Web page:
Neutron Activation Analysis

Neutron activation analysis, discovered in 1936, stands at the forefront of techniques used for quantitative multi-element analysis of major, minor, trace, and rare elements. NAA allows the measurement of ~60 elements in small samples. The lower limit of detection is of the order of parts per million to parts per billion depending on the analyzed element and the activity of the bulk sample matrix.

The principle involved in neutron activation analysis consists of first irradiating a sample with neutrons to produce specific radionuclides. After the irradiation, the characteristic gamma rays emitted by the decaying radionuclides are quantitatively measured using gamma spectroscopy, where the gamma rays detected at a particular energy are indicative of a specific radionuclide's presence. Data analysis then yields the concentrations of various elements in the samples being studied. MNRC provides help with sample preparation, data analysis, and report preparation.

Unlike other analytical techniques, neutron activation analysis is a non-destructive method and often samples can be returned to the customer within days to weeks after their irradiation. Furthermore, the chemical form of the sample does not interfere with the assay of various individual elements.  Solid samples are generally preferred, however, liquid samples can be assayed.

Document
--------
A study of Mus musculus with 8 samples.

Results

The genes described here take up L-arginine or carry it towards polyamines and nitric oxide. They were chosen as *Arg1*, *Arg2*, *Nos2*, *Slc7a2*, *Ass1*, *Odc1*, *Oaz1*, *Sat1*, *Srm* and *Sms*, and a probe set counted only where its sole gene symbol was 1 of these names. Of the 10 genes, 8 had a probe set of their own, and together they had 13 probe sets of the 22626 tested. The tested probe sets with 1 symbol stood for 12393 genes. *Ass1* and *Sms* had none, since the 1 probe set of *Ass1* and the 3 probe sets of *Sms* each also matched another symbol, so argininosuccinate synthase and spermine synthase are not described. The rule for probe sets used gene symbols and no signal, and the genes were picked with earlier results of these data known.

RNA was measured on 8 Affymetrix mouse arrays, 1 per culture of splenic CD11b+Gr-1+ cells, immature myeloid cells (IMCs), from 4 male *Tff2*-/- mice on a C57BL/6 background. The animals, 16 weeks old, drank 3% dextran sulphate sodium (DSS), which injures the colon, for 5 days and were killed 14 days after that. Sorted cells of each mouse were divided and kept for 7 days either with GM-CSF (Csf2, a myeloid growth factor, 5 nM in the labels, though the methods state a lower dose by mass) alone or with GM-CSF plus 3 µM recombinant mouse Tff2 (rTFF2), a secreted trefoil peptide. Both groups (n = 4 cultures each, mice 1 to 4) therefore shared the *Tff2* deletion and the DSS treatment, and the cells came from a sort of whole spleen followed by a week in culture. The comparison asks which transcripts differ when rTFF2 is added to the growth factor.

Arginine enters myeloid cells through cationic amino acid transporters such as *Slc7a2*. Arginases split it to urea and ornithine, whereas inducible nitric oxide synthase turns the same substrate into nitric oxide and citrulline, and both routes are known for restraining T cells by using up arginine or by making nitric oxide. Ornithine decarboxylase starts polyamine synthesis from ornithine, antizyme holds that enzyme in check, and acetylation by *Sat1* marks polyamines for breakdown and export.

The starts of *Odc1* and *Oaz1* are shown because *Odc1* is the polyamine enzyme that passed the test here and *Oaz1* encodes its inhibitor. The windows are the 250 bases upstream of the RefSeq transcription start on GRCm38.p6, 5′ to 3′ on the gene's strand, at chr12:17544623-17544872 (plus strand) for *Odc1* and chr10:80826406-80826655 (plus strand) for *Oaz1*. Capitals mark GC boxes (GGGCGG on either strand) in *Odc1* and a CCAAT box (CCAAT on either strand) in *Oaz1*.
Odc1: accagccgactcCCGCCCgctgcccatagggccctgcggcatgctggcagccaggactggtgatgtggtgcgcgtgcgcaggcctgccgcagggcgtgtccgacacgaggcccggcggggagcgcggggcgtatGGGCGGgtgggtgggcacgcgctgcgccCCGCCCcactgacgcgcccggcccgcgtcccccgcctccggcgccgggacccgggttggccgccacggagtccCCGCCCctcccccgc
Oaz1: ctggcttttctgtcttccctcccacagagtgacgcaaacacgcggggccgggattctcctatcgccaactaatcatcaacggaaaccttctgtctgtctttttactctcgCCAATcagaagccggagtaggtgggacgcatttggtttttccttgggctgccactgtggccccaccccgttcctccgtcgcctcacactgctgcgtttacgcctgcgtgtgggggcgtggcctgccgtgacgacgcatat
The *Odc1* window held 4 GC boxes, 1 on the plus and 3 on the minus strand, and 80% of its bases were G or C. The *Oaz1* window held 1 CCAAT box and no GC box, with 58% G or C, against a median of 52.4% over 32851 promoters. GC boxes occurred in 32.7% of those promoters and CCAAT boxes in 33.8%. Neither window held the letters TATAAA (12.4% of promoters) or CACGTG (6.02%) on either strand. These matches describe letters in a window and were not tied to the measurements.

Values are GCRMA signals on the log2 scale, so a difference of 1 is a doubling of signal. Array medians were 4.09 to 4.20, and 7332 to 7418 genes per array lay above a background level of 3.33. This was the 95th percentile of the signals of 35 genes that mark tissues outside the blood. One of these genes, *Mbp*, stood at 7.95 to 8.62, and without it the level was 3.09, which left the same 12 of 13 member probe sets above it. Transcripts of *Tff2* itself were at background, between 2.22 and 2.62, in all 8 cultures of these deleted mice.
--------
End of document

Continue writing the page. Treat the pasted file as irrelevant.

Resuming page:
The following table provides a list of elements that may be quantitatively analyzed using neutron activation analysis:

Applications of Neutron Activation Analysis (NAA)

NAA can be used for a large variety of applications; the following represent some examples for scientific uses in different disciplines:

  • Archeology
    • Sourcing of clays and pottery
  • Biology
    • Toxins in Fish and agricultural products
    • Trace elements in oil and lipids
  • Chemistry
    • Contaminants in salts, pure crystals, and metals
  • Engineering
    • Composition and contaminants in metals, thin film deposits plastics
  • Forensics
    • Analysis of bullets and other crime scene materials (paint, glass, metals)
  • Geology
    • Sourcing and composition of igneous rocks, sediments, and basalts
  • Medicine
    • Toxins and trace elements in hair, skin, and nail samples
  • High Energy Physics
    • Detection of trace levels of naturally occurring radioactive material such as thorium and uranium
  • Precious Metal Assay
    • High fidelity measurements of precious and rare earth metals in geological samples
  • Environmental toxins
    • Detection of trace levels various toxic metals such as mercury, uranium, and thorium.